Bidding farewell: David Martin says he will miss ‘gates’ and Express TV
KARACHI: After spending three years, British Council Pakistan’s director, David Martin, bid farewell with a strong message of faith for his host country.
“I see Pakistanis losing faith and I know it’s saddening,” he said while talking to The Express Tribune. “But of what I have seen of this country during my time here, Pakistan will go a long way.”
A farewell party was organised to pay tribute to Martin’s services by British Council, at Avari Hotel on Monday. Dressed in a white kurta shalwar, Martin said, “I had a wonderful team of people who gave me an idea of the potential that can be found in Pakistan despite lack of education and resources.”
While sharing his memories about Pakistan, he said that he will never be able to forget the weather and the pace of news. “When you see a newspaper after a gap of two days, you’d definitely ask yourself what was all this about,” he said. “There is always going to be some exciting story… the Memogate or some-other gate. I think I will miss Pakistan when I can’t find Express TV back home.”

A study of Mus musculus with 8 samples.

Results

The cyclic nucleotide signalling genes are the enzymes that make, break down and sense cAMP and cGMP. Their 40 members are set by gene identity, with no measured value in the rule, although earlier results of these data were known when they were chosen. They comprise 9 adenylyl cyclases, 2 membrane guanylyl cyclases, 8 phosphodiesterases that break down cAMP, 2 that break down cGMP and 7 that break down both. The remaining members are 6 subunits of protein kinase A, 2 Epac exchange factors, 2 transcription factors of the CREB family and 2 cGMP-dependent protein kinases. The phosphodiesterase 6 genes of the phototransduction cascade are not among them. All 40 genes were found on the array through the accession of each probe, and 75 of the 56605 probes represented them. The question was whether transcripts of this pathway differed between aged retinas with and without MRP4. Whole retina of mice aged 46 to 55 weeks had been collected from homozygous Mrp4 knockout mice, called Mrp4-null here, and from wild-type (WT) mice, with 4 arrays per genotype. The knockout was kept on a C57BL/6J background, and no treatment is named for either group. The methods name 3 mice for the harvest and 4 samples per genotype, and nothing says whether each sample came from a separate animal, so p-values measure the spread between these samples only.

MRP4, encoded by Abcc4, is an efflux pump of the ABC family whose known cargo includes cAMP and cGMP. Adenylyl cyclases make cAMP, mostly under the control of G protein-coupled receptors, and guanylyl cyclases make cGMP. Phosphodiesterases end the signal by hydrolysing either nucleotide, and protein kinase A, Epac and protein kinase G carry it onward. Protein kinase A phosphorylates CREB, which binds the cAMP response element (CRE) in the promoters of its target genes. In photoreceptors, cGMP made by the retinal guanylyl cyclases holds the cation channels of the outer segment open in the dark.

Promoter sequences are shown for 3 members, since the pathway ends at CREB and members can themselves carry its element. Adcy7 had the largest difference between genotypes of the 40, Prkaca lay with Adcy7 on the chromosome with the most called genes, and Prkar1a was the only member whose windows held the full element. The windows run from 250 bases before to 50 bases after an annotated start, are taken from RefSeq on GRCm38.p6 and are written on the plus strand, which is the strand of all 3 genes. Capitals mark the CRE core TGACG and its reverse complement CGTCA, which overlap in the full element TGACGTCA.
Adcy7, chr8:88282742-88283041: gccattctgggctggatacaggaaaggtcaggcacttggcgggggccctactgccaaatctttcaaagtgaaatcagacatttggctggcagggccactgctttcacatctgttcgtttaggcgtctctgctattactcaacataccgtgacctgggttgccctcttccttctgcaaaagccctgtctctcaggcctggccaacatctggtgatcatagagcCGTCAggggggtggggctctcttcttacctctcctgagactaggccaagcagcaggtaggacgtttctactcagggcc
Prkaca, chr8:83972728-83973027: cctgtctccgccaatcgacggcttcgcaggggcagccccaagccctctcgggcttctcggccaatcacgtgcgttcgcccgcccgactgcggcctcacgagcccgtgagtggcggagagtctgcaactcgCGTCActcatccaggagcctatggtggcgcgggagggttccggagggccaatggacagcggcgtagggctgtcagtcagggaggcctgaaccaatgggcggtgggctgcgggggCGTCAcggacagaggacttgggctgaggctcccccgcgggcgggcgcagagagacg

“Finally, David is leaving Pakistan after serving for more than 3 years,” said Mashhood Rizvi, the provincial director of British Council Pakistan, in his welcome address. “After joining us at a critical juncture, when a number of policies were about to change, David led the mandate of British Council superbly by enriching and expanding its portfolio in all areas.”
Rizvi also commented on Martin’s particular affinity for development work, especially in Karachi, where he had supported programmes for developing English, education, and arts. As for the change in the British Council’s policies, Zakia Sarwar, the honorary executive director at the Society of Pakistan English Language Teachers (SPELT), shared her experience of working with Martin and his team at the council.
She said that Martin, sensing a global change, had also modified its strategy from being an organisation known as an initiator of projects to be a more inclusive of the local stakeholders.
She told The Express Tribune that although the framework for change had been designed before Martin but he had executed the theoretical endeavors into a practical reality. “This was possible because of his exposure and understanding of developing countries before his posting in Pakistan,” Sarwar said.